Where Leaders for Public Gardens Come From by Susan Harris



Last week I showed off my favorite views in Chanticleer Garden from a recent visit, promising a second post about the “good and important work that Chanticleer does.”

So I’m back to spread the word about the behind-the-gorgeous-gardens stuff that goes on there, good works I had no notion of until I read this announcement of the prestigious Scott Award going to Chanticleer’s director, Bill Thomas. (I’ll rush to reassure everyone that it has nothing to do with  ScottsMiracle-Gro but more happily, is awarded by Swarthmore College’s Scott Arboretum – the best landscaped campus I’ve ever seen, by the way.)

The announcement mentions Chanticleer’s programs that “emphasize leadership training for the next generation of public garden professionals, through the Chanticleer Scholarship, Internship, and Guest Gardener programs.”

What’s all that? A really big deal is what it all is. I asked Bill about it during my visit.

The awesome Scholarship Program “encourages and supports public garden leadership development nationally and internationally.” Professionals at public garden anywhere in the world design their own advanced training program, apply, and Chanticleer pays them to do it! They’ve sent scholars to Kew in the U.K., to Phipps and other U.S. gardens, and as far as Japan to learn and develop leadership skills, which Bill defines as “developing creative thinking.” The program also sent Andrew Bunting (former director of the Scott Arboretum) to China to explore plants.

Here’s the 2017 batch of Scholars and how Chanticleer is advancing their education and training.

There’s no other program like this in the world. Longwood’s new fellowship program comes the closest, but it doesn’t offer the flexibility of Chanticleer’s. Asked why there’s a need for this, Bill cites the less-than-full funding that public gardens generally receive, with staff training and travel funds being the first to be cut in lean times.

Great Dixter

Chanticleer created a joint project Great Dixter in England to send worthy candidates to both Chanticleer and Great Dixter to work and learn with the masters. To overcome the restrictions on U.S. citizens working in England, under this arrangement the Scholars are volunteers at Great Dixter and paid workers at Chanticleer. Bill tells me this program is very competitive – I bet it is!

Guest Gardeners come from other public gardens to volunteer at Chanticleer. Two from Olbrich are guest-gardening there now and another is coming soon from Laos. In the past they’ve also come from Stellenbosch Garden in South Africa, with whom Chanticleer has a collaborative relationship.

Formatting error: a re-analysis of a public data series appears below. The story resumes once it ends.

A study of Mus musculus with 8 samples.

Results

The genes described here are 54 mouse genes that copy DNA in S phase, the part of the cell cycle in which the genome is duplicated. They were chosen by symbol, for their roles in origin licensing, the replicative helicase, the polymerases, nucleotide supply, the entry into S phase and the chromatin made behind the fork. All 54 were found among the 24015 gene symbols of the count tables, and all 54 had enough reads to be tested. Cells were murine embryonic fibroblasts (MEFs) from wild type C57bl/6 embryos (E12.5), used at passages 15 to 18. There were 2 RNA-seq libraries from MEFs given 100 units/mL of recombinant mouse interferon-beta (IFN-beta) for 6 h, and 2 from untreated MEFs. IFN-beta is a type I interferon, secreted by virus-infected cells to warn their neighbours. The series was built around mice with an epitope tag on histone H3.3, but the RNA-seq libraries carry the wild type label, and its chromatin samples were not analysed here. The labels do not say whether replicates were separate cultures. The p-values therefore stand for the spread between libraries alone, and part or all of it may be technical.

Stellenbosch Garden

Finally, Chanticleer trains interns every season, both paid and unpaid, who rotate through the garden and learn from every one of the seven professional gardeners at Chanticleer. This season they’re hosting six paid interns, who stay from three to ten months.

There’s more. Bill helps other public gardens through his leadership of Greater Philadelphia Gardens (established in 2006 to collectively promote 30+ gardens within 30 miles of the city), and in the American Public Garden Association.

Chanticleer’s educational mission includes not just professionals in horticulture but amateurs, too. Their classes for the public are planned in collaboration with all those other Philly-area gardens, to avoid duplication.

Pharmaceuticals’ Gift to the Gardening World

So how does Chanticleer manage to fund all this good work, taking up the slack in funding of other public gardens here and around the world?

The estate was built in 1912 as a summer cottage for Christine Penrose and Adolph G. Rosengarten, Sr. Adolf was the head of Rosengarten & Sons, a Philadelphia pharmaceutical manufacturer that his family had founded in 1822 to produce quinine. The company later merged with Merck & Co in 1927. [5] Upon inheriting the estate, their son, Adolph G. Rosengarten, Jr. established a foundation to ensure that Chanticleer would be developed as a public garden.  Source: Wikipedia.

So thanks to Merck money, Chanticleer doesn’t have to rely on legislative whims for funding. I sure wish we could say the same for the beloved but always-struggling public garden nearest me.

For more about Bill and his impact on Chanticleer after 13 years as director, I recommend Margaret Roach’s interview with him on A Way to Garden. 

Where Leaders for Public Gardens Come From originally appeared on Garden Rant on May 26, 2017.